Amid a mounting controversy, Liam Neeson wants to talk about it.
The action star, who is currently doing press for his upcoming film Cold Pursuit, sparked headlines after he admitted to seeking out violence with a black man following the rape of his friend.
"She handled the situation of the rape in the most extraordinary way. But my immediate reaction was…I asked, Did she know who it was? No. What color were they? She said it was a black person," Liam explained in an interview with The Independent, published on Monday. "I went up and down areas with a cosh, hoping I'd be approached by somebody—I'm ashamed to say that—and I did it for maybe a week, hoping some 'black bastard' would come out of a pub and have a go at me about something, you know?"
He added, "So that I could…kill him."
The internet soon flooded with comments from readers, denouncing his remarks as racist and expressing outrage at the story. By Tuesday morning, the Oscar nominee took a seat beside Good Morning America's Robin Roberts to explain himself.
The actor began by explaining that the interview in question took place during a press junket and they were discussing revenge as its the topic of his upcoming film.
"The lady journalist was asking me how do you tap into that," he recalled. "I remembered an incident nearly 40 years ago where a very dear friend of mine was brutally raped and I was out of the country and when I came back, she told me about this and she handled the situation herself and her rapist incredibly bravely, I have to say that, but I had never felt this feeling before, which was a primal urge to lash out. I asked her, 'Did you know the person?' It was a man. His race? She said he was a black man."
The star continued, "I thought, 'Ok, and after that, there were some nights I went out deliberately into black areas in the city looking to be set upon so that I could unleash physical violence. I did it for I'd say maybe four or five times until I caught myself on and it really shocked me, this primal urge I had...It shocked me and it hurt me."
He noted that he asked his friend about the man's other characteristics, not just his race. Neeson also said he did seek help from both a priest, who listened to his confession, and two friends that he spoke to. He also said he power walked for two hours daily.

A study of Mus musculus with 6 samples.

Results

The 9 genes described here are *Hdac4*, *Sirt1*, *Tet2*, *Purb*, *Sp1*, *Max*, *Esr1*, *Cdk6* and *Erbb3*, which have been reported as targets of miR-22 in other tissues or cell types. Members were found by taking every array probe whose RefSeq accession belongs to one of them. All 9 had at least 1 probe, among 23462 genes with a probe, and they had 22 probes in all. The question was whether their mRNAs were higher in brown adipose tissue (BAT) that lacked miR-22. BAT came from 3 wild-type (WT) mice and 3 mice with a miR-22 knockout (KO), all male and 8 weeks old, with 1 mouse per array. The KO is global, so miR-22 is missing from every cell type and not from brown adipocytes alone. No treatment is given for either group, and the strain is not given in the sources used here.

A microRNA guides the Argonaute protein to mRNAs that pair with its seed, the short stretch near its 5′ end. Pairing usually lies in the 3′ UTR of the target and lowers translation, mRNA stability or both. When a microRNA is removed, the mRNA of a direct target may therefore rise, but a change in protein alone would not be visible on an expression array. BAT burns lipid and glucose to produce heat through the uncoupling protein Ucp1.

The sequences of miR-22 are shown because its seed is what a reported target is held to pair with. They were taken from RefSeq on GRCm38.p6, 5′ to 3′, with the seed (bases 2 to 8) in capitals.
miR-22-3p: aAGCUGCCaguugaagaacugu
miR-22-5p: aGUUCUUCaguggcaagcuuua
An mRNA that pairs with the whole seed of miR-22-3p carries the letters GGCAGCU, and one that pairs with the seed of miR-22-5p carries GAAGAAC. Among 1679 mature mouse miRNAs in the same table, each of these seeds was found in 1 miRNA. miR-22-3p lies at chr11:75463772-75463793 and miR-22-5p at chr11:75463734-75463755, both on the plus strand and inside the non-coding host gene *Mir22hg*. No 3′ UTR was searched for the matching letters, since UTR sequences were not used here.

"I'm not racist," he said, adding that he grew up during The Troubles in Ireland and witnessed conflict between Catholic and Protestant people. "I grew up surrounded by that, but I was never part of it."
When Roberts asked if he would have reacted the same had his friend's rapist been white, the actor said, "Oh, definitely...I know I would have had the same effect...I was trying to show honor, stand up for my dear friend in this terrible, medieval fashion."
He added, "I'm a fairly intelligent guy—that's why it kind of shocked me when I came down to Earth after having these horrible feelings. Luckily no violence occurred, thanks be to God."
As for the "teachable moment" in this situation, the star explained it was "to talk, to open up, to talk about these things...we all pretend we're all kind of politically correct....you sometimes just scratch the surface and you discover this racism and bigotry and it's there."
"You have to also understand the pain of a black person hearing what you said," Roberts pointed out.
"Of course, absolutely. You're absolutely right and at the time, even though it was nearly 40 years ago, I didn't think about that," Neeson admitted. "All those things surprised me, but it was this primal hatred I guess that really, really shocked me when I eventually came down to earth and saw what I was doing, going out and looking for a fight."
As he concluded, "Violence breeds violence. Bigotry breeds bigotry."